The Twenty-fifth Sunday After Pentecost

Scary stuff in this Gospel! It is not a pleasant reading. Who wants to focus on the signs of the end times? Historians think that end-of-time thinking originated in ancient Persia with Zoroastrianism. It is called “apocalyptic,” literature from the Greek word meaning “a revelation.” During the period of the Hebrew Exile and beyond, this kind of literature took hold in Hebrew religion and, eventually, spilled over into early Christian thought, where it took firm root. Apocalyptic literature is concerned with the end of human history. The writing is highly symbolic and is meant to provide encouragement to the faithful during times of trial. Here’s why: When Mark’s Gospel was written, being a disciple of Jesus meant persecution, ridicule, false accusations, torture, and even death. The first century church read this passage and it gave them hope—a hope for the end of the madness and oppression at the hands of their enemies. God was going to put a stop to all suffering and restore justice, freedom, and peace. To a people facing imminent persecution, these words of Jesus come as a comfort and not judgment.

Here Mark portrays Jesus and his disciples walking by the grand edifice of the Temple constructed by Herod. It was one of the great wonders of ancient architecture, built of huge stones that gave one the sense that it would be there for all eternity. Now we know that Jesus has this knack of saying things to startle his audience—to make them sit up and pay attention. So, when his companions marvel at the beauty and majesty of this fortress, he bursts their bubble: “There will not be one stone left here on another—not one that will not be thrown down.”

This apocalypse—or revelation—Jesus gives them is a forecast of the destruction of the Temple by the Romans in the year 70 A.D. He also warns them about the suffering they will endure because they chose to follow him. But that’s all in the past. The Temple in Jerusalem is long gone as is the oppression and suffering of the first few centuries of Christianity.

This text has been used along with many others to make literal predictions about the future, even matching up the symbolic language of the bible with actual events and people. The result is a terrible abuse of God’s Word and the basis of a culture of fear, suspicion, and terror. If we want to find more in this passage than that, we need to delve more deeply and think more expansively. We need to hear this Gospel the way God intends us to receive it.

The theme of this apocalyptic writing is human terror, not divine terror. The potential of apocalyptic violence would be generated by human beings, not God. We don’t have to think too hard to appreciate how that can happen. We don’t need to think at all. Just tune into the evening news.

I wonder if we have not become a culture of apprehension and worry—whether real or fabricated. The lessons today tell us that we are not alone in our fearful response to what we perceive as frightening and world-altering events in our time. Whether it’s a fiscal cliff, a Mayan calendar, a terrorist attack, or other disastrous event, we must remember the words of Jesus: “Do not be alarmed.”

These texts about an “unveiling” or “revealing” are found at the tail end of the church year but I don’t think that they are there to make us focus on endings, but rather to point us towards beginnings. God did not just create the world, set things in motion, and then sit back and retire.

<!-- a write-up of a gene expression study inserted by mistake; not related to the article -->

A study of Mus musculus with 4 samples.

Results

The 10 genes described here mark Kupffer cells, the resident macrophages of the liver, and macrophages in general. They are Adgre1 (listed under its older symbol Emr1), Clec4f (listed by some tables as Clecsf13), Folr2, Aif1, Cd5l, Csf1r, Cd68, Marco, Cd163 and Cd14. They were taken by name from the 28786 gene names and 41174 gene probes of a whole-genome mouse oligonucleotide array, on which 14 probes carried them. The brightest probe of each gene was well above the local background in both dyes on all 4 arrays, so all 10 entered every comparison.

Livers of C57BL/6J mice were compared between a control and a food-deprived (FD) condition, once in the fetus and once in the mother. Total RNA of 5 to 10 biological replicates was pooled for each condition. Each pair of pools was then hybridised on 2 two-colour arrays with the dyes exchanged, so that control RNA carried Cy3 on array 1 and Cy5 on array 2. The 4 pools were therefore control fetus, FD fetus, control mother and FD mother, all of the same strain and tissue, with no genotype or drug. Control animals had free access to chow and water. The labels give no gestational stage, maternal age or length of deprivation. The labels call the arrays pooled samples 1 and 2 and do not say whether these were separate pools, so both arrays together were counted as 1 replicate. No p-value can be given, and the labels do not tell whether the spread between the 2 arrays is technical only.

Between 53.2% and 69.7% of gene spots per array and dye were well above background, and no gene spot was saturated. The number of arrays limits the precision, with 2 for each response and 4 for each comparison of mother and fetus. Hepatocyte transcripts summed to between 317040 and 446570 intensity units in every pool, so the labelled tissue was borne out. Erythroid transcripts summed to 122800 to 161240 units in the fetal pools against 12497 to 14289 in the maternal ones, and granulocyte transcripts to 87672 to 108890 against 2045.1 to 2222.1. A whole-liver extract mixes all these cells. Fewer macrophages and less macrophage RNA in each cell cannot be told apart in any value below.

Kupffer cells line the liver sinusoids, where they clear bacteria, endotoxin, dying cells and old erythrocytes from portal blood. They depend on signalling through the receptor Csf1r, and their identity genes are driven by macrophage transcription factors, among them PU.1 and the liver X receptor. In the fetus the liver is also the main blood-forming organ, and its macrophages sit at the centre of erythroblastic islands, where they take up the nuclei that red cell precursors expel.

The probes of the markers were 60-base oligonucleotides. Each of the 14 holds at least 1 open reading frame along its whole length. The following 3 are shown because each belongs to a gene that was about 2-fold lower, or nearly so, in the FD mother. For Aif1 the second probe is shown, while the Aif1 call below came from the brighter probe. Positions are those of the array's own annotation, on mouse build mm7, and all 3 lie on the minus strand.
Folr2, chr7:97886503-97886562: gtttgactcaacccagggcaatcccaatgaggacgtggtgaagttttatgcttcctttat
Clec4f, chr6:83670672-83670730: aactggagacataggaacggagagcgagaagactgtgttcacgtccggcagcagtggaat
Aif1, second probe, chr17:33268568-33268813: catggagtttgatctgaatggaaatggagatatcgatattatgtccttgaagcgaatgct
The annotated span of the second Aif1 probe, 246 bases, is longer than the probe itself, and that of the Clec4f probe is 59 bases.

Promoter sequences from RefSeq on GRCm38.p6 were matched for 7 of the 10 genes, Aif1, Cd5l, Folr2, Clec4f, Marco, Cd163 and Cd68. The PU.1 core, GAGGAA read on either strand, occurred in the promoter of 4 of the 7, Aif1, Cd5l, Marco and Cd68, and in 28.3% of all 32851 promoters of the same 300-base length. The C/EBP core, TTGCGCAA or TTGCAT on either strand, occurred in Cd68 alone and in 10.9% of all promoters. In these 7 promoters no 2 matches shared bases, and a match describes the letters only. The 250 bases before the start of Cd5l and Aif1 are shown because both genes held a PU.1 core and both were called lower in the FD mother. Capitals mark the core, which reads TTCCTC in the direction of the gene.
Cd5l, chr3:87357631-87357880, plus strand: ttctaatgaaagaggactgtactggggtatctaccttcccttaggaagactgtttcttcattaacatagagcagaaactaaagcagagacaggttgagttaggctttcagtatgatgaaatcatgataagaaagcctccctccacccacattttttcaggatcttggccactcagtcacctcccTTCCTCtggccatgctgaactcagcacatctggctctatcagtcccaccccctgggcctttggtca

When Jesus tells us about the destruction of the temple, he is talking about all arrangements that are not what God intends for this world. God wants us to have the world that God intended us to have and will continue creating and creating until we do. The other side of fear and anxiety is hope and a radical openness to what God may yet do, as well as discerning our place within the story of the coming Kingdom of God. We are to be people of God and about God’s work in this world—right here, right now. The gospel compels us to confront the darkness of our contemporary life, but this is not a Gospel about destruction and endings. It is the good news of beginnings and new birth. It is an invitation to rethink our role in the continuing work of creation that God is unfolding around us. How much in life do we miss because we are too busy to see that? Jesus warns against apocalyptic literalism; Mark's message is for those in the church to "take heed," watch, pray, and work -- for the kingdom of God is unfolding in our midst. We have the outstanding privilege of participating in God's saving actions in our world. Do we lose perspective without realizing it and end up missing life’s grace-filled moments wherein we are offered a glimpse of God’s grand vision for the world and what part we can play in that vision? God is still creating, working passionately to remake this world in all of its goodness and fullness. And you and I are part of the big picture. Episcopal priest and author Barbara Crafton suggests maybe that's why we have these spooky scripture passages. Not to learn when we're going to die. But to learn how to live. I had an email from parishioner Nancy Vollano thanking us for sharing her stewardship statement in Friday’s Constant Contact. She said, “The photo had me laughing. I recognized the photo that accompanied my remarks. It was pulled from a group shot taken at a Bluefish game with some wonderful friends from St. Andrew’s. My son John is sitting next to me. I’ll never be that young and active again. If we knew then what we know now? Thanks for the walk down memory lane. Think about it. Ponder anew. We pass this way but once. Enjoy the journey and your fellow travelers.” Amen, Nancy. Amen.